Perhaps by design or default, Kenyan opposition leader Raila Odinga and his Ugandan counterpart Kiiza Besigye, are currently rallying their supporters in a resistance campaign against the governments of their respective countries.

Here are the five distinct similarities between these two campaigns.

1. Odinga’s campaign is coded #Resist while Besigye has themed his #Defiance. The objective, however is the same, to resist or defy directives from the government and system with an aim of creating some economic sabotage.

2. Both campaigns have unveiled dress codes. Nasa’s dress code features a white t-shirt and green cap, both emblazoned with the word #Resist. Besigye, meanwhile, has opted for a red ribbon which is mostly tied by his supporters on the head. Red clothing, mostly ties, shirts and caps, are accepted herein as alternatives.

3. The campaigns are led by persons with similar attributes and history. Both Odinga and Besigye have been detained in the past by the governments of their respective countries. They both front a reformist agenda backed by a considerable following from the masses, even if the following has never translated into enough votes to catapult them to State House. Both have severally complained of being rigged out in elections.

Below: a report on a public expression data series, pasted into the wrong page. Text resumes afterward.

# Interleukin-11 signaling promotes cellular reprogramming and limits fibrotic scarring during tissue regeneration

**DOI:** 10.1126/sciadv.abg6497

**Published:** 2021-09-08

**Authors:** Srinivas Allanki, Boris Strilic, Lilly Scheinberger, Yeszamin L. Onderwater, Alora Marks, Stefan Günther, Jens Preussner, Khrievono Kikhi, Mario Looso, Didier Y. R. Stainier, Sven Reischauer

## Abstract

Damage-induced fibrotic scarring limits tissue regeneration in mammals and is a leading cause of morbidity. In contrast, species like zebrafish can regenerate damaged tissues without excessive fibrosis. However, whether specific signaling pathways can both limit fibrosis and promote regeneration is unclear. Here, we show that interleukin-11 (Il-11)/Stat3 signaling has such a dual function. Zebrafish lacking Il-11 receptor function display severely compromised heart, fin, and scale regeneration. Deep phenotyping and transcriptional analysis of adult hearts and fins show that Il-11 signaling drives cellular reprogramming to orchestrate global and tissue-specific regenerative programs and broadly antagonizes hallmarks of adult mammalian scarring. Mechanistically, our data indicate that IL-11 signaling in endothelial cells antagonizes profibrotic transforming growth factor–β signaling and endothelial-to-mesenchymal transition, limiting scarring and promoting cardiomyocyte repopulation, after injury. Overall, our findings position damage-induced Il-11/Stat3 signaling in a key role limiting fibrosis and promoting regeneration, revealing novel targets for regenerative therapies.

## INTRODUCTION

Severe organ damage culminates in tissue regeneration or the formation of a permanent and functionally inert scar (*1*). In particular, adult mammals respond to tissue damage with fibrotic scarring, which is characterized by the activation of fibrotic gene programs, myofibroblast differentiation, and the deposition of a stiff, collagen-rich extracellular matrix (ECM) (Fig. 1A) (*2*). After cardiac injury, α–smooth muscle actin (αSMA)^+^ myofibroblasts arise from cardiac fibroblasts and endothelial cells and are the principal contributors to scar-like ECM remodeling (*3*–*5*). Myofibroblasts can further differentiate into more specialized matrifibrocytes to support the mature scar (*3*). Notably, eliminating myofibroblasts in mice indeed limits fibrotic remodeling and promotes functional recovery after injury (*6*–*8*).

4. Both are seeking the presidency. Odinga’s campaign is primarily meant to protest what he claims was a rigged election in August, push for electoral reforms under which fresh elections should be conducted within 90 days. Besigye meanwhile, maintains defiance is the best approach to stop planned constitutional amendments that target to remove among other, age-limits on those wishing to vie for the presidency. He also argues this will eventual topple the government in Uganda has has opted to ‘use all the state resources to keep it in power instead of the welfare of the people.’

5. If successful, both campaigns could have far reaching economical implications. Odinga has already asked his supporters to boycott specific products and services from companies he claims have been supportive to the ‘illegal’ system. On his part, Besigye is advocating for the same cause albeit on a general basis. “For example if all the farmers in the country defied taking their harvested food to the markets thus creating food crisis in Kampala, the whole world shall listen and there shall be attention from all stakeholders,” he says.